Hard to beat the gloom as lines ponder second half
Carriers attempt to impose rates rises and surcharges to compensate for falling profitability and an uncertain finish to the year.
“We don’t see the first half being any better than the first half.” With the way the global markets are reacting to the ratings downgrade of the US, that statement by Orient Overseas (International) Ltd CFO Ken Cambie is almost a positive one.
Cambie was releasing the interim results of OOIL, parent of Hong Kong-based carrier Orient Overseas Container Line, on Monday.
The first half was disappointing, dropping by 38 percent if the one-off gain from the sale of the group’s mainland property unit was removed.
But with the flood of newbuildings coming online and the global instability hammering stocks and savings and expected to rein consumer demand, if a container line was offered a 38 percent fall in net profit in the second half, we would suggest they jump at it.
That would never happen, because in the parallel universe occupied by the carriers this is the time to raise freight rates. For instance, Maersk has just announced a general rate increase of US$250 per TEU and US$500 per FEU for the westbound Asia-North Europe trade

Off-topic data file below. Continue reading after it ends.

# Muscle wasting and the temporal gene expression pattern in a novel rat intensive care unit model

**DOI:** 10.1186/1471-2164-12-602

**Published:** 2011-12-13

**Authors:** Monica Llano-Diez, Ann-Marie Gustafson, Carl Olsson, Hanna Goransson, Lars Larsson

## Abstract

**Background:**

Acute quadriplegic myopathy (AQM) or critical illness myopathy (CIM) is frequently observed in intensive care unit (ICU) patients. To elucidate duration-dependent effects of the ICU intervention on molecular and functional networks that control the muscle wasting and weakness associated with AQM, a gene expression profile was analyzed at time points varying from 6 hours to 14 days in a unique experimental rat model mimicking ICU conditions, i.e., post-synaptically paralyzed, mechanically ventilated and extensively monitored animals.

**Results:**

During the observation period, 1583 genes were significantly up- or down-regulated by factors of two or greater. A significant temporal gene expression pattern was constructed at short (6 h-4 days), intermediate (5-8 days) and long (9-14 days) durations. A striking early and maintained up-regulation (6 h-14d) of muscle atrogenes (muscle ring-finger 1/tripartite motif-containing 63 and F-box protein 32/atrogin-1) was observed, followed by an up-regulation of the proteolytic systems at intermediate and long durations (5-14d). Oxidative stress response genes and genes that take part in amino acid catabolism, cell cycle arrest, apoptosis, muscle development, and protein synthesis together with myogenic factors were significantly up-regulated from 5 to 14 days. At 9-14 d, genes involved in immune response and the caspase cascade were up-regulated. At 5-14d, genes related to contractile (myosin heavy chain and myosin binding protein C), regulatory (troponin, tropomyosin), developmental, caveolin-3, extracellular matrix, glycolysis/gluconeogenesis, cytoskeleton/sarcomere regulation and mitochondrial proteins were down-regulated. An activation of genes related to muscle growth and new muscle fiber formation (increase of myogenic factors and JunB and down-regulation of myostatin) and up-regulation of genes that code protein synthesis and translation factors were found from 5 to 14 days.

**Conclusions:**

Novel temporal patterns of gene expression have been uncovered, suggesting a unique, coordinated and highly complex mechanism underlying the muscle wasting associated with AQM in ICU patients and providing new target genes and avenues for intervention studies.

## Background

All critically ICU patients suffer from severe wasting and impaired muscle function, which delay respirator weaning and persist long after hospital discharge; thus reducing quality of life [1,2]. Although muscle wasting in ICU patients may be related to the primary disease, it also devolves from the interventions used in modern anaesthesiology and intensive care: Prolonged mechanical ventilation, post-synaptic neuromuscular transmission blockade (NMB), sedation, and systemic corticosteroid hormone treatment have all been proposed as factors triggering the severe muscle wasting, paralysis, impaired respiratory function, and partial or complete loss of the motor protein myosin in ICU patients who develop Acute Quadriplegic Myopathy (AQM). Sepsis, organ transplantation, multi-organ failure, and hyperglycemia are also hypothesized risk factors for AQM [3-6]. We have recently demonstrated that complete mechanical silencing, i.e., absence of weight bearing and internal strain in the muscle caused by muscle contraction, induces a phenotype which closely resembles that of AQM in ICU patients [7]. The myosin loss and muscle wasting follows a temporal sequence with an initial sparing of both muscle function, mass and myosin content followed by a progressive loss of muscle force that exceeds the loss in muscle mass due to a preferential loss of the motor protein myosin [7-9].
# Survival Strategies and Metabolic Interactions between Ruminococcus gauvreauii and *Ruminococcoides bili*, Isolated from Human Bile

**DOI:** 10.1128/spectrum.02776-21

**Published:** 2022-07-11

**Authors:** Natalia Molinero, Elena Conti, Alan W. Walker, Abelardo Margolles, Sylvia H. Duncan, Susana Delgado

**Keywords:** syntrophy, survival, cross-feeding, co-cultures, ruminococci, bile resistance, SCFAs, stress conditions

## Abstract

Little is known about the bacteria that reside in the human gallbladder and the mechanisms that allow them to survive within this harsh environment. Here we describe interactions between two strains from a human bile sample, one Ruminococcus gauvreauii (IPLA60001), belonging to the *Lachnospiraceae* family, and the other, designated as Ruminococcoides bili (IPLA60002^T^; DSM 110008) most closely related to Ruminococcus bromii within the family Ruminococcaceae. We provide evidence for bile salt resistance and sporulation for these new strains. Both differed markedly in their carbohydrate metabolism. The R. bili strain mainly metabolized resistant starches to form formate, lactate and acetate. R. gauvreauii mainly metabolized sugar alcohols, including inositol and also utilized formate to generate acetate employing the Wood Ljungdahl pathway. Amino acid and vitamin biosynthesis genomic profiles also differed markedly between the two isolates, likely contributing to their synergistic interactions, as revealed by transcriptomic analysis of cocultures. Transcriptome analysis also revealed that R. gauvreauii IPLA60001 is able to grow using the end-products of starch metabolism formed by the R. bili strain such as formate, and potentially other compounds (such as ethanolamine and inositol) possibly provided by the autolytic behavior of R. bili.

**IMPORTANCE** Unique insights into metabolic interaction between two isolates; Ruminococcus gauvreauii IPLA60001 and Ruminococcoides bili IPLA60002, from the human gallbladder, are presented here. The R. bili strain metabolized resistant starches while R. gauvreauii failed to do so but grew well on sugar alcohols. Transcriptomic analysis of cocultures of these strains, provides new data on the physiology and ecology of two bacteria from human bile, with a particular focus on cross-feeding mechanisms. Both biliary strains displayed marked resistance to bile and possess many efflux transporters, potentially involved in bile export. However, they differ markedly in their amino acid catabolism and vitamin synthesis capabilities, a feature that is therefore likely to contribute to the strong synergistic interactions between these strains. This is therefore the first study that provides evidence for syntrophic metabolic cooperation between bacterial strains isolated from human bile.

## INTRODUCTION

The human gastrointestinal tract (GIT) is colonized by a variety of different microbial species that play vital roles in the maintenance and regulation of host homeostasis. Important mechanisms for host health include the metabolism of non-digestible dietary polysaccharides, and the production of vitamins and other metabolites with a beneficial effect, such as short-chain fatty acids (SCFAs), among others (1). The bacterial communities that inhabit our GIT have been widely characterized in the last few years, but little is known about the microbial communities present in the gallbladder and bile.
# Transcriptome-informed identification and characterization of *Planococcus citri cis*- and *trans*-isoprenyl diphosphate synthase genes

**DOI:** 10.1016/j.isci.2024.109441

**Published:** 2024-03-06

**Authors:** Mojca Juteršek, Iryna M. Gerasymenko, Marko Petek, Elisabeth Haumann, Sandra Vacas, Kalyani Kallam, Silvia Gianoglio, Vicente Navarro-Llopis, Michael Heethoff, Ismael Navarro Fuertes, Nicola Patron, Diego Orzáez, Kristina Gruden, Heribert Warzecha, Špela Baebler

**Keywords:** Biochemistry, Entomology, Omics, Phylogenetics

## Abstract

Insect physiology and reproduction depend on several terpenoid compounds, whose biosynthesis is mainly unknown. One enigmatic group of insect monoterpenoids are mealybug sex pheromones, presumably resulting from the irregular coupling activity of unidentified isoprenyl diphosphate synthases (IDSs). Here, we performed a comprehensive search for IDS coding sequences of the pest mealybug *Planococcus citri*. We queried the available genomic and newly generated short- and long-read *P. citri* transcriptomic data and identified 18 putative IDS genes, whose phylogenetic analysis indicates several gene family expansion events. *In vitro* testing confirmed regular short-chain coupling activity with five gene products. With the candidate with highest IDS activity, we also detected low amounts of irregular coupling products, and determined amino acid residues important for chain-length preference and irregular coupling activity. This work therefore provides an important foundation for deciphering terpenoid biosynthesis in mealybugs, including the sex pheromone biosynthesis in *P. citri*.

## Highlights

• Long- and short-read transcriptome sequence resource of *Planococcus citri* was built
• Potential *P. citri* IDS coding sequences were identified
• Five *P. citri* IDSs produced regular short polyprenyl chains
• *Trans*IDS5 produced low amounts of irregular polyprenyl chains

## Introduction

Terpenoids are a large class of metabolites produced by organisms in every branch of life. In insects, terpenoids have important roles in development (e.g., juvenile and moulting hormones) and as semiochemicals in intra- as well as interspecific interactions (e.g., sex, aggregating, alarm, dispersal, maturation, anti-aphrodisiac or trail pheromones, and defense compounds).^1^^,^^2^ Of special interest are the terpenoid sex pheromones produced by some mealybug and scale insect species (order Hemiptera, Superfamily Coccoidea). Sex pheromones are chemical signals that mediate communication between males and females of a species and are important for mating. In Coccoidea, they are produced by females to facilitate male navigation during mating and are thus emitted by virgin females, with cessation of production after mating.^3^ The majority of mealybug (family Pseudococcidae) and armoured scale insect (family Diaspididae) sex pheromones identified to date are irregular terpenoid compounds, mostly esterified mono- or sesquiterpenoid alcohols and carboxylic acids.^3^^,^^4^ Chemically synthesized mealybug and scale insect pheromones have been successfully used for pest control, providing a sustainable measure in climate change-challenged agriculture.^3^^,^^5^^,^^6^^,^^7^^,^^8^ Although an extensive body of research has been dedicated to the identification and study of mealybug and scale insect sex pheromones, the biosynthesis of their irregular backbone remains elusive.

And not to be outdone, the Transpacific Stabilisation Agreement (TSA) decided that August 15 was a good day for the delayed peak season surcharge to be implemented.
Not long after the surcharge kicks in, US outfit Matson will be withdrawing one of its transpacific services, blaming falling rates, too much capacity and fuel prices. PR News Service says this will remove 3,600 TEU of weekly capacity, all of it on non-US flagged ships.
The outlook on the transpacific for the rest of the year is gloomy, to say the least. Hong Kong’s army of manufacturers on the mainland is expecting a poor Christmas as households cut back on spending. Toy makers say orders are already “cautious”.
Reports of importers delaying payments suggests cash flow problems that can only grow as economic conditions deteriorate in the US and Europe.
Robust Intra-Asia trade cannot replace the falling demand from the major markets. The economies of Asia are growing but are still far too small to compensate for a slowdown in orders from the US and Europe. And anyway, a large portion of the Intra-Asia trade is part of the supply chain that carries goods to market.
The US National Retail Association believes holiday sales will be good based on import figures, but if not, retailers will be stuck with excessive inventory. The last time that happened was in 2009 and 12 percent of the world’s fleet was laid up when manufacturing orders vanished.
It will be like déjà vu all over again.